Northbayec Offline

Registered: 12/16/04
Posts: 26
Loc: San Rafael, CA U.S.A
Hello everyone and happy New Year!

I had a problem with a some site lighting at a residence a couple days ago where the owner said he could not get half of his walkway lights to work. It is a 12 volt system and when I check them out 3 of them are working but the other 7 are not. I figure there is a bad splice so I re-splice a 3-way connection after the 3 light (the farthest one from the x-former that worked) and when I turn them on I get 12 v at the connection for the next light but when I hook that light up the votage drops down to zero at that connection but the first three lights are still working. There were ten 25watt fixtures on a 250 watt x-former so I am assuming that I need to replace the x-former but I don't see an explaination on the voltage differences on the same system. Anyone out there have any input on this.

Thank you

dereckbc Offline

Registered: 10/08/03
Posts: 158
Loc: Tulsa, OK
John, the transformer is not the problem. You still have a continuity problem between the 3rd and 4th light. You are seeing high resistance, so you see 12 volts with no load but 0 when load is applied. Sounds like it is time to dig things up and find the bad connection.

#46775 - 01/02/05 07:03 PM Re: Low voltage x-former problem?
Wirenuttt Offline

Registered: 11/10/02
Posts: 267
Loc: Massachusetts
Also some of these LV lighting systems transformers are designed to run no lower than 50% and no higher than 80% of computed light load.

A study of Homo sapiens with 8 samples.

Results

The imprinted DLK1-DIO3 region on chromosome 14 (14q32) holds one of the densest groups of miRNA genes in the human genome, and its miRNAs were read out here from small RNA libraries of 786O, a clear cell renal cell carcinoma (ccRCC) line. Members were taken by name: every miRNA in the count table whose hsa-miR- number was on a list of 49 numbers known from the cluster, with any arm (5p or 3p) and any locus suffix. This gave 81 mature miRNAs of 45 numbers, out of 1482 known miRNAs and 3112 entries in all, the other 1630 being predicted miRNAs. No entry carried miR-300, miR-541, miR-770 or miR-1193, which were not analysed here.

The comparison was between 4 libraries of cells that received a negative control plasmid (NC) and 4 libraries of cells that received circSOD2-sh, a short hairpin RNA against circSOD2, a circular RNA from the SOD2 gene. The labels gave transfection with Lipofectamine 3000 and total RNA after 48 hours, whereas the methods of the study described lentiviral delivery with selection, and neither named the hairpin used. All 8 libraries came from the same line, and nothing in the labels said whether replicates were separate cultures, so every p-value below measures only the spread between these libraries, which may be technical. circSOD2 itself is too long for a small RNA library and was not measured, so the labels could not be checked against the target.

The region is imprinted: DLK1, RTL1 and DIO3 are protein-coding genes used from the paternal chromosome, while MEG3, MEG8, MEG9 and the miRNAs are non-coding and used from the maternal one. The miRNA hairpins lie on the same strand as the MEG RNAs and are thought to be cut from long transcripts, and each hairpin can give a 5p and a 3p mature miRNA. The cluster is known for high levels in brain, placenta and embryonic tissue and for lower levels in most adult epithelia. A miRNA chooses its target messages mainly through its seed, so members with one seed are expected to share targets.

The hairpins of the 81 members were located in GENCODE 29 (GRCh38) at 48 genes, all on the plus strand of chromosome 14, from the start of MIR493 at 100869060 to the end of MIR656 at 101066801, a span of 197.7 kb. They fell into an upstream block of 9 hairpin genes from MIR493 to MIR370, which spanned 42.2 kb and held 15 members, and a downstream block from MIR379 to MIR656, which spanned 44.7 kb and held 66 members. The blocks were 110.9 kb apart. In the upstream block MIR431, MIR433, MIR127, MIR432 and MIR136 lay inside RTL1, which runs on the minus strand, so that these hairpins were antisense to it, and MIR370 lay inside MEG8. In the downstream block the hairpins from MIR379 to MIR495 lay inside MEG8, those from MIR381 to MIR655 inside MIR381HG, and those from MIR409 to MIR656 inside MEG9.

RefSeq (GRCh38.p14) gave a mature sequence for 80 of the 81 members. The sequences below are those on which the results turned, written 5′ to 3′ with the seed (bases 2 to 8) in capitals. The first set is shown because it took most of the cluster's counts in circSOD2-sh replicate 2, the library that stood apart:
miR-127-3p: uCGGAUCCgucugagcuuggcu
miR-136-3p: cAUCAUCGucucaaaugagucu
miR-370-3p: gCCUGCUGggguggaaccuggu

#46776 - 01/02/05 10:54 PM Re: Low voltage x-former problem?
Physis Offline

Registered: 12/28/04
Posts: 85
Loc: Burlingame, Ca. USA
I did an installation where the owner called me back a couple of monthes later because half of one of the branches were not lighting (I think he thought I didn't do it right). I went for the wire after the last working light and snipped out the piece where the gardener's shovel got a little too close. He wanted that to show to the gardener.
Sam, San Francisco Bay Area

#46777 - 01/03/05 12:55 AM Re: Low voltage x-former problem?
Trumpy Offline


Registered: 07/05/02
Posts: 8532
Loc: SI,New Zealand
What you have is a Dead-Short in the 4th fitting.
It sounds to me like these lights are in Parallel, not Series.
The short is preventing any current flow to the other fittings further down the track.
If the guy keeps running the system like that he will need a new transformer.

{Message edited to add last bit}

[This message has been edited by Trumpy (edited 01-03-2005).]
Let's face it, these days if you're not young, you're old - Red Green grin

#46778 - 01/03/05 06:00 AM Re: Low voltage x-former problem?
pauluk Offline

Registered: 08/11/01
Posts: 7693
Loc: Norfolk, England
What you have is a Dead-Short in the 4th fitting.

How do you figure that? If there was a dead short the other lights would go out.

I go with Dereck's answer: There is a bad (high-resistance) connection somewhere. When you just put the meter at the 4th lamp terminals it's drawing very little current, so you see the 12 volts. As soon as you connect the low-resistance of the lamp, the high-resistance of the bad connection becomes the dominant part of the circuit, so the voltage at the lamp drops to zero (or very nearly so).